29th November 2017 - Author: Luke Gallin

Using Tesla as a case in point, GlobalData has underlined the need for motor premium pricing in the UK for owners of vehicles that are equipped with the latest technological advances, such as autopilot, to reflect the improved safety of driving.

TeslaElon Musk’s U.S. automotive and energy storage company, Tesla, is often making headlines for its revolutionary use of technology to improve road safety for drivers. One such technological advance is the company’s autopilot feature, which, via the use of ultrasonic sensors and cameras enables the vehicle to perform manoeuvres and match the speed of surrounding traffic conditions, without the need for any input from the driver.

It’s been shown that Tesla’s autopilot reduces the risk of an accident and substantially improves the safety of driving, but, so far, this isn’t reflected in the pricing of premiums for owners of vehicles equipped with this type of technology.

Financial Analyst at GlobalData, Daniel Pearce, commented; “Clearly the exponential advances in this technology have made driving much safer, as the potential for driver error is removed from the situation once the Tesla autopilot is engaged. Crash rates across all Tesla models have fallen by 40% since the introduction of the autopilot system, illustrating how this technology has significantly improved the safety of driving. However, when owners seek to insure their Tesla vehicles, this is not reflected in the pricing of premiums.”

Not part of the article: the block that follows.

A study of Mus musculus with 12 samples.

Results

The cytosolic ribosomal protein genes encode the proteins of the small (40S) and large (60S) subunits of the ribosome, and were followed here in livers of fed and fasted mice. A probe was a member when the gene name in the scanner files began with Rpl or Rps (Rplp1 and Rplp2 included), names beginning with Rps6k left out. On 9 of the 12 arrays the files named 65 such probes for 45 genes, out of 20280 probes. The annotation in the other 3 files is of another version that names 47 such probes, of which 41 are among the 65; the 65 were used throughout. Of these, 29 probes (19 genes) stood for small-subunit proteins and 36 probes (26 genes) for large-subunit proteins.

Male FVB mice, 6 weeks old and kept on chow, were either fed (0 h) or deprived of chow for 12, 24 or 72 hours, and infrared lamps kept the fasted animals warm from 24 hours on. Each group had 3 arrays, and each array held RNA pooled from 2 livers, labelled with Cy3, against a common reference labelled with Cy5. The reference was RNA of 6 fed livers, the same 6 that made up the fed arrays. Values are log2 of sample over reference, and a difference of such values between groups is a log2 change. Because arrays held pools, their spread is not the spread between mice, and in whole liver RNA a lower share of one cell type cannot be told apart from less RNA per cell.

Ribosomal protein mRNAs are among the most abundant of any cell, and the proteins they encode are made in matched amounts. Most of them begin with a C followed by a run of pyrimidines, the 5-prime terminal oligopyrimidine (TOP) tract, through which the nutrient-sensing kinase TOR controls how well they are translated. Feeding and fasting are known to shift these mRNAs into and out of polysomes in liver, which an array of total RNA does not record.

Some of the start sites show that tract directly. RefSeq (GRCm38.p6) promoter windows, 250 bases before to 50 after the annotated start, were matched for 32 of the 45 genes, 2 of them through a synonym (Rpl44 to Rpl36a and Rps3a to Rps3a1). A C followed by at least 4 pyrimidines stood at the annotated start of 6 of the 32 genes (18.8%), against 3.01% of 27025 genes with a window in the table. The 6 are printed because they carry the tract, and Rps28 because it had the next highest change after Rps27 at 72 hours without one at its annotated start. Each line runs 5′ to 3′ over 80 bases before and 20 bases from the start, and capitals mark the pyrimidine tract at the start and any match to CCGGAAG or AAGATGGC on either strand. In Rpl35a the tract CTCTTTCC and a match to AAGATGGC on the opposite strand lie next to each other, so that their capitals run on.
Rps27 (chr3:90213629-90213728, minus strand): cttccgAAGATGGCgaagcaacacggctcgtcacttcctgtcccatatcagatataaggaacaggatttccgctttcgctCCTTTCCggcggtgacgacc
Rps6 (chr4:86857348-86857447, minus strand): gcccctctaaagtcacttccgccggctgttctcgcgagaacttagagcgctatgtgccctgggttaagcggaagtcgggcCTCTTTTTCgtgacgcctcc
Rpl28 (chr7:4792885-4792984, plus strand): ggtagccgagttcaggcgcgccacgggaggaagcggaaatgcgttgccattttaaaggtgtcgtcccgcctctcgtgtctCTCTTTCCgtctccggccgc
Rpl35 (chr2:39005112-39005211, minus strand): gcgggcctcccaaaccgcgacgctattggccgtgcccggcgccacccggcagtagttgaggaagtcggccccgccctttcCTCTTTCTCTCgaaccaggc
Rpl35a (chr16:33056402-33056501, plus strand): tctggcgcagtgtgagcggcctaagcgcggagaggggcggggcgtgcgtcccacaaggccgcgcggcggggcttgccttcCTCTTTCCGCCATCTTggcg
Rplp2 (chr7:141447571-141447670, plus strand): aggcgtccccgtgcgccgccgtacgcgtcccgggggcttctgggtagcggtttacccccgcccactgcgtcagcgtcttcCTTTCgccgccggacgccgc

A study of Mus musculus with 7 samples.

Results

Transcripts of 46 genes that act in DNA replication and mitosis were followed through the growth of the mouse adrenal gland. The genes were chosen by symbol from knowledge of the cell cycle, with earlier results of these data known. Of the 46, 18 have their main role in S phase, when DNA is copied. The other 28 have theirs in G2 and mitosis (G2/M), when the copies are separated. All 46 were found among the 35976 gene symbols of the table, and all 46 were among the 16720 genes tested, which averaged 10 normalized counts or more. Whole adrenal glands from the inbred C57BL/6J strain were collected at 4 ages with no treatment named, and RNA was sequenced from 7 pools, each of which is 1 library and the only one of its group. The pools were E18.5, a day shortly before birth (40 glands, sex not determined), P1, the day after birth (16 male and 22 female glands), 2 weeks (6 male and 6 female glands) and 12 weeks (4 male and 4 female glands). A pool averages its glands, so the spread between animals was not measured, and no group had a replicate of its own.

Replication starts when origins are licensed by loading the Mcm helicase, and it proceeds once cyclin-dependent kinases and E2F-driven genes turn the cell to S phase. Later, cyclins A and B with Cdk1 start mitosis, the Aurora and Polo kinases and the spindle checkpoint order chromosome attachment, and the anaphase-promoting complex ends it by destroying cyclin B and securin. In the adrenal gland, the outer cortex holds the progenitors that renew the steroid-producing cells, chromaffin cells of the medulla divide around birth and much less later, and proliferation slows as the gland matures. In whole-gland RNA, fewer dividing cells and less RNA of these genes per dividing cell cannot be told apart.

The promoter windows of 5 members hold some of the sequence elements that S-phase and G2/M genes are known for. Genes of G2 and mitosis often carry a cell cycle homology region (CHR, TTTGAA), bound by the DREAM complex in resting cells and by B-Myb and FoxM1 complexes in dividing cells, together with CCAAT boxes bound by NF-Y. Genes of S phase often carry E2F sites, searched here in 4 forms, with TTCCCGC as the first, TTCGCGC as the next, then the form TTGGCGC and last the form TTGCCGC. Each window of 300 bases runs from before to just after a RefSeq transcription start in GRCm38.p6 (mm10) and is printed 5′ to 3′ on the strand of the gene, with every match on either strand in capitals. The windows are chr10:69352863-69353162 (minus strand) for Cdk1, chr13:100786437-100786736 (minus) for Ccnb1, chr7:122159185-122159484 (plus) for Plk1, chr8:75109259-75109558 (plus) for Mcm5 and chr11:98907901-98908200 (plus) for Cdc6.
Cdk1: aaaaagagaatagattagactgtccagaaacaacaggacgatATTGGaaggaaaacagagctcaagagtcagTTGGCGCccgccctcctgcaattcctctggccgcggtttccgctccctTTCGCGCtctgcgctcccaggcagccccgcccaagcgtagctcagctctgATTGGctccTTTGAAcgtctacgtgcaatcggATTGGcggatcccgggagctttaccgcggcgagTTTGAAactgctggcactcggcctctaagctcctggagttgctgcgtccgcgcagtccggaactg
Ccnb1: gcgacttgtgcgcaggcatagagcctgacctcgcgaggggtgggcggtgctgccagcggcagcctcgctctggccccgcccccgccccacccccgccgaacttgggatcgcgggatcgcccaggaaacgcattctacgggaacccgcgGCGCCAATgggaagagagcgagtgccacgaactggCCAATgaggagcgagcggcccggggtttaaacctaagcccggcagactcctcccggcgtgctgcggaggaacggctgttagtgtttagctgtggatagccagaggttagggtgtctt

In an effort to reverse this, GlobalData explains that Tesla has partnered with numerous insurance companies across 20 countries via the Insure My Tesla scheme, which is designed to enable Tesla owners with access to insurance protection that reflects the increased safety of its vehicle.

In the UK Tesla is collaborating with insurer Direct Line, and with more than 2,500 Tesla vehicles with autopilot capabilities now on UK roads, GlobalData expects demand for policies that reflect increased safety standards to grow in the years ahead.

“Naturally the insurance industry will gradually respond to these developments, but the current pace of acknowledging the safety improvements such technology is bringing is far too slow. The industry should seek to collaborate with vehicle manufacturers in order to better understand the latest technology and how it can improve driver safety – in turn this will allow for customers to receive lower insurance premiums,” said Pearce.